The word-of-the-day from the Oxford English Dictionary today (see below) rang too many bells in my memory today. No, I have no memory of ever having seen this word--autoschediastic (pronounced aw-toh-skid-ee-ASS-tik)--but its meaning(s) hit a bit too close to home. The foundation shook; the furniture trembled; Mr. Guilt emerged from the dark basement where I try (and fail) to confine him; Satan smiled his I'm-waiting-for-you smile--all of that stuff.
When I was in secondary school--beginning in 7th grade (Hiram Schools; Hiram, Ohio)--I somehow slipped from caring (a bit) about my schoolwork. I had found other interests; sports, girls, sports, girls--a lengthy list. And even when I (my physical self) was not at some sort of athletic practice--or in the presence of girls--my mind was. I was picturing heroic ninth-inning hits (and/or defensive plays); with girls, I was imagining ... never mind ... this is a family-friendly blog.
These activities and obsessions consumed most--okay, all--of my energy, leaving little (none) for schoolwork.
And so I rarely read the assignments, did math problems until they got too ... cerebral (this did not take long), wrote my themes (the word we used then for essays) with word-processor speed in the era before word-processors (we all turned in handwritten themes; I don't remember anyone who deigned to type). For me, rough draft and final draft were synonyms. We once had a teacher (I think it was Mrs. Browning in 9th grade) who required us to turn in an outline with our themes; I wrote my outline after I'd done the writing. (It was only then that I'd figured out what I was doing/had done.)
Well. In 7th grade geography class (bless dear Mrs. Nichols) we had, from time to time, to turn in reports on countries. I remember I did Ecuador for South America (I was stunned--stunned--to learn that it's Ecuador where Panama hats were made), and my report on Ecuador--as did the others I wrote for that class--bore a striking resemblance to the text in the World Book Encyclopedia. This was no coincidence, I will confess. I actually wrote "like" the World Book throughout junior high; no teacher ever said "Boo"--though I was sometimes alarmed to discover that the World Book authors got a B on my report.
As I began high school (I had signed up for the "college-prep" classes: Latin I and Algebra I--that's right: We did Algebra I in 9th grade then, not fourth), I started doing a little more work, so much so that Mrs. Nichols (yes, the same geography teacher, who also taught math courses) told me after a month or so that she'd heard I was doing "twice the work" I'd done in 8th grade. I was happy about that--until some years later when I remembered that 2 x 0 = 0. Still, it was nice of her.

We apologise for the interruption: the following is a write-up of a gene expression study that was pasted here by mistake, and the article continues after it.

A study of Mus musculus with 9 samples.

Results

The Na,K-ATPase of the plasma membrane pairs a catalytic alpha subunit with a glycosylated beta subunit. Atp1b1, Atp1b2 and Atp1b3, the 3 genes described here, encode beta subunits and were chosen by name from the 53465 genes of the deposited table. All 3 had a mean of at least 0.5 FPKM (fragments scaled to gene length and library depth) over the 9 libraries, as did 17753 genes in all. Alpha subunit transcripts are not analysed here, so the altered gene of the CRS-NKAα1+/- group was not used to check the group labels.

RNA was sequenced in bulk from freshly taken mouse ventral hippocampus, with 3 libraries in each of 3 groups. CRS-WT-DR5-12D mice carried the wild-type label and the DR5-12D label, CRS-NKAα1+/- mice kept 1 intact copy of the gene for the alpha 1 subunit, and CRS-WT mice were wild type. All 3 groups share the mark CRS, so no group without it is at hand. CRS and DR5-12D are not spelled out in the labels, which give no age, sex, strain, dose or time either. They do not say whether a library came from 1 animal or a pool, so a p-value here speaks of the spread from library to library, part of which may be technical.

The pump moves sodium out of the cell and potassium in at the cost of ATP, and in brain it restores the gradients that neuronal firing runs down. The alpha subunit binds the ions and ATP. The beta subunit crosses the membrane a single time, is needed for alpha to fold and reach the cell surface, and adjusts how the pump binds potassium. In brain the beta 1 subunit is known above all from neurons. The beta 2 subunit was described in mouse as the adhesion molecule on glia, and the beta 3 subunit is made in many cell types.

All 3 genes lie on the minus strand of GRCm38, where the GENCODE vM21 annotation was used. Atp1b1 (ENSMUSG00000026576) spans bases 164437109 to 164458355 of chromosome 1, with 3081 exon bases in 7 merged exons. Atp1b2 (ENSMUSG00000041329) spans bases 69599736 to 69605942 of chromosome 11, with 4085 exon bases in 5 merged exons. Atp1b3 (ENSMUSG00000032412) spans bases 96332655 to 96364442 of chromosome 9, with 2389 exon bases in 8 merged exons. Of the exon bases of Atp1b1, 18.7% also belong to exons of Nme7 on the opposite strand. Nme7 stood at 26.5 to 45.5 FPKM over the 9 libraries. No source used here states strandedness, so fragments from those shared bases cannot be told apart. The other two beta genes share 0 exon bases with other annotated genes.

Aside: When I began my own teaching career at the nearby Aurora Middle School in the fall of 1966, Mrs. Nichols, near the end of her career, was teaching at Aurora High School. She was extraordinarily nice to me (feigned ignorance of my secondary-school ways), and I could NEVER call her "Esther"; she remained "Mrs. Nichols" for me.
Gradually, over the years, my work became less and less autoschediastic--due to the influence of some wonderful college professors (yep, I'm talking about you, Professor Ravitz!) and grad-school profs and, most notably, my wife, Joyce, who's never for a second in her life been autoschediastic (she still isn't).
Now, I'm quite the opposite of my junior-high self. As I noted on FB last spring, I wrote more than twenty drafts of a speech I delivered up at Western Reserve Academy (about three blocks form my house). So, I see, I have made the transition from one who is autoschediastic to one who is, well, anal and OCD.
But, in the basement, in a box, is a set of the World Book, a set dated in the 1950s. Temptation remains close at hand ...
autoschediastic, n. and adj.
Pronunciation: Brit. /ˌɔːtə(ʊ)skɛdɪˈastɪk/ , U.S. /ˌɔdəskɛdiˈæstɪk/ , /ˌɔdoʊskɛdiˈæstɪk/ , /ˌɑdəskɛdiˈæstɪk/ , /ˌɑdoʊskɛdiˈæstɪk/
Forms: 16 autoschediastick, 16 autoschediastique, 18– autoschediastic.
Origin: Of multiple origins. Partly a borrowing from Latin. Partly a borrowing from Greek. Etymons: Latin autoschediasticus; Greek αὐτοσχεδιαστικός.
Etymology: < post-classical Latin autoschediasticus...
†A. n. Something done on the spur of the moment or without preparation; an extemporized piece of work. Obs. rare.
1641 Bp. J. Hall Surv. Protestation Protested To Rdr. sig. A2, The birth how mean soever was nigh strangled in the cradle: Take it as it is, an autoschediastick.
1658 T. Flatman Naps upon Parnassus sig. B5v_ (heading) An autoschediastique.
B. adj. Written, composed, etc., on the spur of the moment; extemporized, hastily improvised.
1809 Gentleman's Mag. July 616/2 There is an autoschediastic poetry, which may be regarded as the mere natural product, and the effusion of an inspiring passion.
1823 S. Parr Wks. (1828) VII. 159 Remember, the verses are merely autoschediastic.
1838 T. De Quincey Brief Appraisal Greek Lit. in Tait's Edinb. Mag. Dec. 765/1 The manner of the combat is autoschediastic or extemporaneous, and to meet a hurried occasion.
1979 C. James Pillars of Hercules i. vii. 93 He conjured from the gold strings of his harp An autoschediastic lilt of love.
2002 Age (Melbourne) (Nexis) 16 Dec. (Culture) 1 The closer you get to your deadline, the more autoschediastic..your work becomes.